Simple Swiss Chard

I have posted this recipe before.  The first time, it was buried in a very long rant about home-made mayonnaise and it occurs to me that not everyone who might like this excellent, simple recipe is as interested in home-made mayonnaise as I am.  Also, this is probably my favourite food.  It is definitely the food that I eat the most.  I buy at least four bunches of swiss chard a week and I eat it all!  My husband eats some, but mostly its me.  I eat this for breakfast with my eggs (poached with home-made mayonnaise, in my omelets, mixed with a scramble and served with potato pancake).  I make it into gluten-free pasta with greens, goat cheese and oregano.  I serve it as a side dish with pork chops or a potato gratin for dinner.  Sometimes I just eat it with a baked yam (my other favourite food).  So I thought it was worth re-posting.  In general I like to mess around with food…mix it up…transform it.  Swiss chard is food that I love in simple form.


  • 1 pat of butter or a tablespoon of  good olive oil
  • 1 red onion, peeled, sliced in half and then cut into half moons
  • 1 bunch of swiss chard
  • some salt
  1. Heat the butter in a large heavy pan with a lid over medium-low heat.
  2. Add the onions and a bit of salt.  Cover the onions and let them sweat while you clean the swiss chard.
  3. Wash the swiss chard thoroughly.
  4. Cut the stems away from the leaf by making a sharp v shaped cut up one side of the stem and down the other.  
  5. Slice off the thick end of the stem and discard it.  In the winter when chard is tougher you will need to discard 2 to 3 inches of the stem as it will be stringy. In the Spring when chard is tender you can trim off just the very tip.
  6. Slice the stems thinly like celery and add them to the stewing onion.
  7. Slice the leaves as small or large as you wish and leave them to drain in a colander until the stems are cooked.
  8. When the stems are cooked, add the swiss chard leaves to the pot, and cover again.  Turn the heat up to medium and let it cook until the greens are tender.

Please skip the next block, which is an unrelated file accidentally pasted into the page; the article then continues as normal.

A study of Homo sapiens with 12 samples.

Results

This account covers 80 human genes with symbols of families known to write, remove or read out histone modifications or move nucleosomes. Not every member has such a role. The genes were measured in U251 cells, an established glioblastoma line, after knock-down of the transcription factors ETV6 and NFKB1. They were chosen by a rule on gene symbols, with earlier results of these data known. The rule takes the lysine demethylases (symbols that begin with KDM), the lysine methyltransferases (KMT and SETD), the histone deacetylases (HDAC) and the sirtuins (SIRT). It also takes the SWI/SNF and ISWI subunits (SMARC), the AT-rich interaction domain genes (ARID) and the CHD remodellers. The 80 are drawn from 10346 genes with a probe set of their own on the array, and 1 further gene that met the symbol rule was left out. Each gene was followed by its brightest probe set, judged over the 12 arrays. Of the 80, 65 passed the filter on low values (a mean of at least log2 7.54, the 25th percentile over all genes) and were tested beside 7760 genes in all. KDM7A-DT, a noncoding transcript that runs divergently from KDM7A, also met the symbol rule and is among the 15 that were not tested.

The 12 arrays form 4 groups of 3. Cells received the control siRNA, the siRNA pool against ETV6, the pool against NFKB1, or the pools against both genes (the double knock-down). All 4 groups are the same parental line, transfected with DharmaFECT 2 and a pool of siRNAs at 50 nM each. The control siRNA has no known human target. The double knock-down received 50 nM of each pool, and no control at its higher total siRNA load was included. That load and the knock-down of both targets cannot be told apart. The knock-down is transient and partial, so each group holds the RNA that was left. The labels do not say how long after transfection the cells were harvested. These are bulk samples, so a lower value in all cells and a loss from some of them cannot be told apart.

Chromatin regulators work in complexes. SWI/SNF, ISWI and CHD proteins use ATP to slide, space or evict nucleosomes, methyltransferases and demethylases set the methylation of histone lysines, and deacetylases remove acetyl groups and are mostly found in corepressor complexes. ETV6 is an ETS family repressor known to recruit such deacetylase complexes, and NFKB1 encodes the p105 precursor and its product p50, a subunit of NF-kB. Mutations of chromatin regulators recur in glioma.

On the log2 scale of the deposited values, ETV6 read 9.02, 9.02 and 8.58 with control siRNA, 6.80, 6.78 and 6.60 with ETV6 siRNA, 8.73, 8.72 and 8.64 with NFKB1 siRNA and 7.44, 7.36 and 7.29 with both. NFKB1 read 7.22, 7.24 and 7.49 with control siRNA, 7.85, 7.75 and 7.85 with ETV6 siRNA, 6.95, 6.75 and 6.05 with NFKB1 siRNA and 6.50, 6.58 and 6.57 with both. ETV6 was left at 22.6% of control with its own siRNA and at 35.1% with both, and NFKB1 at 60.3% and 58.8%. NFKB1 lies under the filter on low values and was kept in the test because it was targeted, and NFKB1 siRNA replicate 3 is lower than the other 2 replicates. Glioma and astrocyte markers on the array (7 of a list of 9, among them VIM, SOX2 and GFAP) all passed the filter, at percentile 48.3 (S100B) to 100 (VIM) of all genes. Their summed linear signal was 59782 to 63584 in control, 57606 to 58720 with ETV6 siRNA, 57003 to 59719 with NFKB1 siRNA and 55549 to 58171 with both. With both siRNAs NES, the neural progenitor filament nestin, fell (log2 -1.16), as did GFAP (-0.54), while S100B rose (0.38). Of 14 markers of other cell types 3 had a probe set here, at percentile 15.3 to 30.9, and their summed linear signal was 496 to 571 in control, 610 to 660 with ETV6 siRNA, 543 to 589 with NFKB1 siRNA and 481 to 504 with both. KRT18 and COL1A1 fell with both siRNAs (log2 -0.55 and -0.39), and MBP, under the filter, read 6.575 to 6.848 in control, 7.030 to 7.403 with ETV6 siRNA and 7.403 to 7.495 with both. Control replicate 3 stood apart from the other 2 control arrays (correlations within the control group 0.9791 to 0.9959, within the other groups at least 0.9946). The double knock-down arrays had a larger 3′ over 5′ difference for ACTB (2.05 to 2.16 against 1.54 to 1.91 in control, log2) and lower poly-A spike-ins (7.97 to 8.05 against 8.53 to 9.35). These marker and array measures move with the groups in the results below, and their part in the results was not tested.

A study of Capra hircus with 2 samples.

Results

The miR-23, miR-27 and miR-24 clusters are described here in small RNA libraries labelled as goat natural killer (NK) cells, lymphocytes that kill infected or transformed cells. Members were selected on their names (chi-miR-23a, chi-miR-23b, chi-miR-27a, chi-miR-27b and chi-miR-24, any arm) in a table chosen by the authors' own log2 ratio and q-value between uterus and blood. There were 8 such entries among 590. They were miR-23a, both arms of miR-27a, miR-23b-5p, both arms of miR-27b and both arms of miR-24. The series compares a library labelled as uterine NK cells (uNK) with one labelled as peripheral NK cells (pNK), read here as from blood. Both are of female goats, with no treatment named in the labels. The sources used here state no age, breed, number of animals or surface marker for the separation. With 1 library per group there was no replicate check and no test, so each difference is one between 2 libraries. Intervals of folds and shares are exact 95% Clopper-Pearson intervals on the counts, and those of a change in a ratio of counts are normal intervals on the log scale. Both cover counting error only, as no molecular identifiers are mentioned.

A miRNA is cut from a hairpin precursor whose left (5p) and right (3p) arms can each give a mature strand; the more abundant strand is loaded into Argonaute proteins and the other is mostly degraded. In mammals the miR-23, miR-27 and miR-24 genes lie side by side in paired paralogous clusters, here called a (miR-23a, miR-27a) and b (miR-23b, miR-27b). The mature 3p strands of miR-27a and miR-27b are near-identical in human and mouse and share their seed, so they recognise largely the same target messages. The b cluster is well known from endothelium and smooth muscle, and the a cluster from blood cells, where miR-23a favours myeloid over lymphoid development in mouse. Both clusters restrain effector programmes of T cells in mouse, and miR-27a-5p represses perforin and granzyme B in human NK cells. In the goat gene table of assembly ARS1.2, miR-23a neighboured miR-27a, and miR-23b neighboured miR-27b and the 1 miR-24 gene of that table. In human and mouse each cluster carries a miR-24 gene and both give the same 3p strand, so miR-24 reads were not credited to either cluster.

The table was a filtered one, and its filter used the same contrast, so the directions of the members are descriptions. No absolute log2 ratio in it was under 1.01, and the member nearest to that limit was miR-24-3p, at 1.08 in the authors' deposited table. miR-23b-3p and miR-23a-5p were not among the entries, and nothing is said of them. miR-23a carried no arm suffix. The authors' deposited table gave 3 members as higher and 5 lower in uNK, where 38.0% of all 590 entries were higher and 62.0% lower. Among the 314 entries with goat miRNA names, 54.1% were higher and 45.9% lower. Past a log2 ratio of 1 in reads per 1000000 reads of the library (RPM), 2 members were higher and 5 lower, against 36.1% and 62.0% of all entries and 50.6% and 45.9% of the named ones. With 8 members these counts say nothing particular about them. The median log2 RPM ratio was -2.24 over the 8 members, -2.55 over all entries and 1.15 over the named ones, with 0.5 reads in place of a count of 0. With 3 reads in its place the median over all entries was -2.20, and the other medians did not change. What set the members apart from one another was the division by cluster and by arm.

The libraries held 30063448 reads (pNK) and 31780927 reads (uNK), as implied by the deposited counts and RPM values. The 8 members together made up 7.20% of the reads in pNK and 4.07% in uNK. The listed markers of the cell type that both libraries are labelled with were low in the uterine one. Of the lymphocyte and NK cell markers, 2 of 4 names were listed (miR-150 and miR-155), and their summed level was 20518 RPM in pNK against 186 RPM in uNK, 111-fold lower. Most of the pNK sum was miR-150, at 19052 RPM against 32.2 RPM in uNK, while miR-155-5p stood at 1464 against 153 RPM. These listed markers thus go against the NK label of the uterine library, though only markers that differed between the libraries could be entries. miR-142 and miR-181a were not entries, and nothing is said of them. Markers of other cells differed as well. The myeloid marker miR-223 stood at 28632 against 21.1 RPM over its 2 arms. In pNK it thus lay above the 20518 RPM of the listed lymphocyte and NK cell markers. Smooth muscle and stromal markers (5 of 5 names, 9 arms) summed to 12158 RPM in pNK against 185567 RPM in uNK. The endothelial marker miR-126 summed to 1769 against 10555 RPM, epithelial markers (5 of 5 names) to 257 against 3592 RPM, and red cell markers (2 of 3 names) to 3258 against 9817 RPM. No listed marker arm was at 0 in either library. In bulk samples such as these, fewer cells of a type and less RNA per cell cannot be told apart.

Sometimes in the winter, when the chard stems get really big and tough, I cook the leaves without the stems.  I make the stems into a delicious gratin or I make them into pasta with greens, goat cheese and oregano.

About Big Sis Little Dish

This is a blog run by two sisters. Erin is the big sister who lives in New York, and Silvi is the little sister who lives in Vancouver. They both love to cook! They created this blog to share and store recipes for the food they make.


  1. Glenda

    I planted rainbow swiss chard on the new moon. I hope it grows well. Yum!

  2. Mona Banek

    Now I buy wonderful swiss chard at the farmers market, sometimes rainbow and sometimes the big Fordhome Giant variety. In the winter I just live without it.


    I love Swiss Chard! I prepare it much like you do except I use sun dried tomato and garlic instead of onions. You can prepare beet greens or kale or any big leafy cooking green in the same manner. Beet greens have their own lovely something I can’t quite pinpoint right now but just as delicious if not more.. but that may be because my son would call these veggies on his plate his “purples and greens” and he loved them just as much. 😉

    • Oh I LOVE beet greens. I would eat them every day if I could get them without the beets. I like beets too, but I often wish that I could just buy beet greens. Sun dried tomato and garlic sound good. I will try it!


    I made this with added sausage and mushrooms for lunch today. Yum!